Small Labels, Big Savings
China is the world’s largest producer and consumer of appliances. In tandem with the county’s storied economic growth, China’s households are now purchasing even more appliances—from air conditioners to flat panel televisions to air purifiers—driving ever-higher levels of energy consumption. Fortunately, appliances continue to get more efficient.
China’s first group of appliance efficiency standards, released in December 1990, covered only eight products. When Energy Foundation China was founded in 1999, it supported the China National Institute of Standardization (CNIS) and other institutes to improve the existing standards and set efficiency standards for other appliances and lighting products.
The foundation also helped China launch an appliance energy labeling system. Manufacturers inform consumers about the energy efficiency levels of their products, helping them make good decisions. Drawing on work by CNIS, in August 2004 the National Development and Reform Commission (NDRC) and the General Administration of Quality Supervision, Inspection, and Quarantine jointly adopted a regulation that mandated China’s first batch of 12 products to be sold with energy labels.
Next came work to enforce energy labels at the local level. The China Buildings Program supported a program creating benchmarks for appliance efficiency testing laboratories. It funded a three-year training project to educate local quality inspectors on energy labels in five pilot locations: Shandong, Jiangsu, Sichuan, Shanghai, and Guangdong.
To date, Energy Foundation China has supported 34 appliance energy labels and 33 appliance efficiency standards, leading to savings of more than 800 TWh. That’s equal to the total annual electricity generation of nine Three Gorges Dams.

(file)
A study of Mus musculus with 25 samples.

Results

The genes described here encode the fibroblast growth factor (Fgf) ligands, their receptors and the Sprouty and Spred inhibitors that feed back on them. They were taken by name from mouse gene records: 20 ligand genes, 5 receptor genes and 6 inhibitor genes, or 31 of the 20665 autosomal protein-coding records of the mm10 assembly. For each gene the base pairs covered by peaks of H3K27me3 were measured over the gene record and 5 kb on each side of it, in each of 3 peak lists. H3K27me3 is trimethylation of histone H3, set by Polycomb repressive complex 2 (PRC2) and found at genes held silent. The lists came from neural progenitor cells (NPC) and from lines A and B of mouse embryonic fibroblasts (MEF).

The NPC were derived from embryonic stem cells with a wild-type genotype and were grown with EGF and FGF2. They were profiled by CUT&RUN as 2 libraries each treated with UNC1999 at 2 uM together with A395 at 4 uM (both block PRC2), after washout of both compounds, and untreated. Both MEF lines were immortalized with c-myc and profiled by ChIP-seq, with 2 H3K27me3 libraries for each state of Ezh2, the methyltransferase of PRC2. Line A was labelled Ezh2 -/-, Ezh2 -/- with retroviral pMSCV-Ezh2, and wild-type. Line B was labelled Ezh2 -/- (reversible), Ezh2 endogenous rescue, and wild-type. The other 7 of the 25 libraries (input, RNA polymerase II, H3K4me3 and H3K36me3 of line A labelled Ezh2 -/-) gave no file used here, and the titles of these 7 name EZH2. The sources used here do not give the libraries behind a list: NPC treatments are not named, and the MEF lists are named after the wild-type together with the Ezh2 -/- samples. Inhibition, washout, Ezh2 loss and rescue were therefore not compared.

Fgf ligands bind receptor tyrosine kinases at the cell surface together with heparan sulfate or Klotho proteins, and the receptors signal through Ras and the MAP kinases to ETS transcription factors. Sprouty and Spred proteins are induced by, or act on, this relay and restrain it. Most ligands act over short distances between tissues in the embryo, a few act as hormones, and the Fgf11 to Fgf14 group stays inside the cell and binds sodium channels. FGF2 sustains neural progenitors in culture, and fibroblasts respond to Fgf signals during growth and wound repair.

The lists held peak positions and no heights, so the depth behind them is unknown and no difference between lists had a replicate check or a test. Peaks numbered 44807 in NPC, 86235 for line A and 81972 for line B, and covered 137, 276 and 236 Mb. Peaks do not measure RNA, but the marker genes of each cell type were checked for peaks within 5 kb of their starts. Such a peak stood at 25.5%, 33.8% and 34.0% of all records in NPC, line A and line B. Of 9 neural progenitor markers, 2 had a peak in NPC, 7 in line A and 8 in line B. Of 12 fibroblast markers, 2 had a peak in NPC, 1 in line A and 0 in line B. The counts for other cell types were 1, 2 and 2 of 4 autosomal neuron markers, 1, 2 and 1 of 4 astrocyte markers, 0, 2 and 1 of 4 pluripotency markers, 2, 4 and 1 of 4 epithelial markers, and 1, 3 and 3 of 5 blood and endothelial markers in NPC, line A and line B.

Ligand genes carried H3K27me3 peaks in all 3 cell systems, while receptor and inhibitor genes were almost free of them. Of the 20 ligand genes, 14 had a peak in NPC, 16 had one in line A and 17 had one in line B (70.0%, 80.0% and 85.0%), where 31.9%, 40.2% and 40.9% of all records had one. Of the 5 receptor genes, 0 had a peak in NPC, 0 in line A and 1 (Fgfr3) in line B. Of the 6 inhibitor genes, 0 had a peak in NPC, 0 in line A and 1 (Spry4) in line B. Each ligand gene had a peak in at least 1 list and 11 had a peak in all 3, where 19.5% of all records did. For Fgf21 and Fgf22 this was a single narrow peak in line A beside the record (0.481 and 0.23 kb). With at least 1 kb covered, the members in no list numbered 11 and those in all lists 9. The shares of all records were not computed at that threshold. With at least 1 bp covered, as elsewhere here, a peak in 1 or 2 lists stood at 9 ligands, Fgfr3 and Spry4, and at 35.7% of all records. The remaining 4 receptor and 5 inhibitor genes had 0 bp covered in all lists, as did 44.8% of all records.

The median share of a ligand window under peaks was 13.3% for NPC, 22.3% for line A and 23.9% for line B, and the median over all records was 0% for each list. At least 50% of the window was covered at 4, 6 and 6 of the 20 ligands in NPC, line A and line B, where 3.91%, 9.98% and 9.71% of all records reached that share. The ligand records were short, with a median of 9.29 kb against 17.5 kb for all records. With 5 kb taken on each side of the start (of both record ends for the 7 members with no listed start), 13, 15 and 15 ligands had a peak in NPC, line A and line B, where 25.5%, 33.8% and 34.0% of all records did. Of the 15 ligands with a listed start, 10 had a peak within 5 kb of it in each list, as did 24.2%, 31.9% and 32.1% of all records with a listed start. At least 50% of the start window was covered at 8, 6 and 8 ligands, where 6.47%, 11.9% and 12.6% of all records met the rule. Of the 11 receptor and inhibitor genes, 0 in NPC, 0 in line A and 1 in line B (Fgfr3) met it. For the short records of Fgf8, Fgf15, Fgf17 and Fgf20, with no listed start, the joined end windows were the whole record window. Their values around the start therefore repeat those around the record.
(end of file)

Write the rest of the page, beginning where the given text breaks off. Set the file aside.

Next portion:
Impressed by the energy-saving performance of appliance standards and labels, NDRC in 2012 kicked off the 100 Energy Efficiency Standards Project. Recognizing the opportunity to reinforce policy at the highest levels, our Buildings and Industry programs made joint investments in this new effort. Estimates show that 22 appliance energy standards and 49 energy standards in industrial processes alone would cut annual energy use by 154 million tce, if properly implemented. Since the launch of the standards project, the foundation has helped China adopt 105 new energy efficiency standards.
Mr. Wang Zhongmin, former CNIS president and former vice director of the Standardization Administration of China, said, "Since the mid-1990s, the Energy Foundation has given great financial and technical support to CNIS for strengthening energy efficiency standards and establishing the China energy label system. EFC’s sustained support helped CNIS to grow into an internationally respected standard research institute, and made a significant contribution to China’s sustainability efforts.”